Monday, 15 August 2011

Muirtown and Duncan Forbes Primary Schools (Inverness) Murals

The multi-media mural at Muirtown Primary School, Inverness (1976) is by James Selbie and his students from Inverness Royal Academy. Created at the time the school was built, the mural celebrates Muirtown Basin industry, history and communications by having panels featuring Mackinlay's Glen Albyn distillery (now replaced by a Co-op supermarket and Comet), the dredger 'Fairway', the Caledonian Canal (replete with swing bridge, davit crane and safety winch) and the Inverness and Ross-shire Railway (through the still extant Clachnaharry Signal Box). This, it would seem, was the first of Selbie's school murals after he had moved to Inverness from Anstruther. The dragonfly and reed panel is signed 'Sandra MacAskill', presumably a student from Inverness Royal Academy where Selbie was principal art teacher.

A year later, Selbie created another foyer mural in yet another new Inverness primary school - this time Duncan Forbes Primary at Culloden. With the school being built on the grounds of Culloden House, the Forbes family home, the mural paid homage to Duncan Forbes (Lord Culloden, President of the Court of Session, 1685-1747) and his wife Mary Rose of Kilravock. The couple are known to have courted at a trysting stone under an old oak tree on the Kilravock estate. Selbie places the couple (in high relief) around the central tree and, through a combination of a variety of vibrantly glazed and enamelled ceramics, revels in the local flora and fauna.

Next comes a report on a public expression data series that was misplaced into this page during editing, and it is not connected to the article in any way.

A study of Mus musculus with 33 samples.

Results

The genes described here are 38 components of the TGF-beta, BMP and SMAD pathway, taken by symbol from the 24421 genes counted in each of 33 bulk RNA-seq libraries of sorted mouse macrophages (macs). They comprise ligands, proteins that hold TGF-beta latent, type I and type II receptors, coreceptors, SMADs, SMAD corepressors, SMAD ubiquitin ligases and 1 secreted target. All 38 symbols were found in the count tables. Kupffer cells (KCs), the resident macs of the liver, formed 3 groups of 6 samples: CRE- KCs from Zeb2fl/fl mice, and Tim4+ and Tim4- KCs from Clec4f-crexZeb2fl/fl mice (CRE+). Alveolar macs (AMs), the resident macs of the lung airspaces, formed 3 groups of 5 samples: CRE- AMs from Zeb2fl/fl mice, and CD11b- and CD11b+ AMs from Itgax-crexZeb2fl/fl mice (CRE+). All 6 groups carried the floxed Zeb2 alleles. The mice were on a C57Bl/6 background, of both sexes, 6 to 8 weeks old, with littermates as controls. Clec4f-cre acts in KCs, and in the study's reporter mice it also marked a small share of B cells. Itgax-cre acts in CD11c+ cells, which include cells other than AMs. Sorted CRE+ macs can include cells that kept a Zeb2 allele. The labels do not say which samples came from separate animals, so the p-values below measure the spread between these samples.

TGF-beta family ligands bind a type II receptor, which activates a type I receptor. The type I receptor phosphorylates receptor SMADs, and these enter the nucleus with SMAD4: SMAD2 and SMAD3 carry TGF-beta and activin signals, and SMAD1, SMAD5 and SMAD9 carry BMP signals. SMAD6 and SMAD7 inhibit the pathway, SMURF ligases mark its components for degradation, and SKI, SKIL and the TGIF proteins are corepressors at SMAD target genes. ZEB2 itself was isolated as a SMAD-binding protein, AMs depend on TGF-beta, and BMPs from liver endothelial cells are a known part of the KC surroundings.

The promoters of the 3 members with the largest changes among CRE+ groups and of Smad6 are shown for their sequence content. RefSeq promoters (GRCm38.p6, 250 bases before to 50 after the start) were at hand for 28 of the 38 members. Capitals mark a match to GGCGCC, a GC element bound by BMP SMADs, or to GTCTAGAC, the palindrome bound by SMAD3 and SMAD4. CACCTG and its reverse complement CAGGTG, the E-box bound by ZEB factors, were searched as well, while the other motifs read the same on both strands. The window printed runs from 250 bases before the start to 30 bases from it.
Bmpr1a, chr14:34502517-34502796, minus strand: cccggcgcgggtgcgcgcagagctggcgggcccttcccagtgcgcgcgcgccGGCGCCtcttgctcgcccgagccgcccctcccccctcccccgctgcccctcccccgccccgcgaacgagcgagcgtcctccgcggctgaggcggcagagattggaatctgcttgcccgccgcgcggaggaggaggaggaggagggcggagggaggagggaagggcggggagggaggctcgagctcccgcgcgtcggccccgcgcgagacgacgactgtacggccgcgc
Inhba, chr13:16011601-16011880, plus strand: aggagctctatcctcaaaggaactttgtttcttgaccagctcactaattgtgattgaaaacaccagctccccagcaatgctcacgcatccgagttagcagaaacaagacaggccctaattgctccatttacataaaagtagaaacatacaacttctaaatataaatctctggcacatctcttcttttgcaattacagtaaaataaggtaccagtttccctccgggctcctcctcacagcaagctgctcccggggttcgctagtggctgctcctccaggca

The two Inverness murals complement one another in their distinctive styles and subject matter, both becoming, for those passing through the school, something of a 'wonderwall' (to coin the term of Bruce McLean, as envisaged for a North Ayrshire Primary School two decades later).

I am immensely grateful to Andrea Borsden, daughter of Jimmy Selbie, for telling me about these murals and for providing me with her excellent photographs. There will be more to come on Selbie (1920-1984) - who early on in his career was a roving puppeteer in Aberdeenshire, and who, besides a remarkable painting and ceramic mural oeuvre, has left some unique film and audio records. Together these provide invaluable glimpses of his approach, concerns and knowledge. His contribution and path will make for very interesting and fruitful comparison with those of Pat Tew.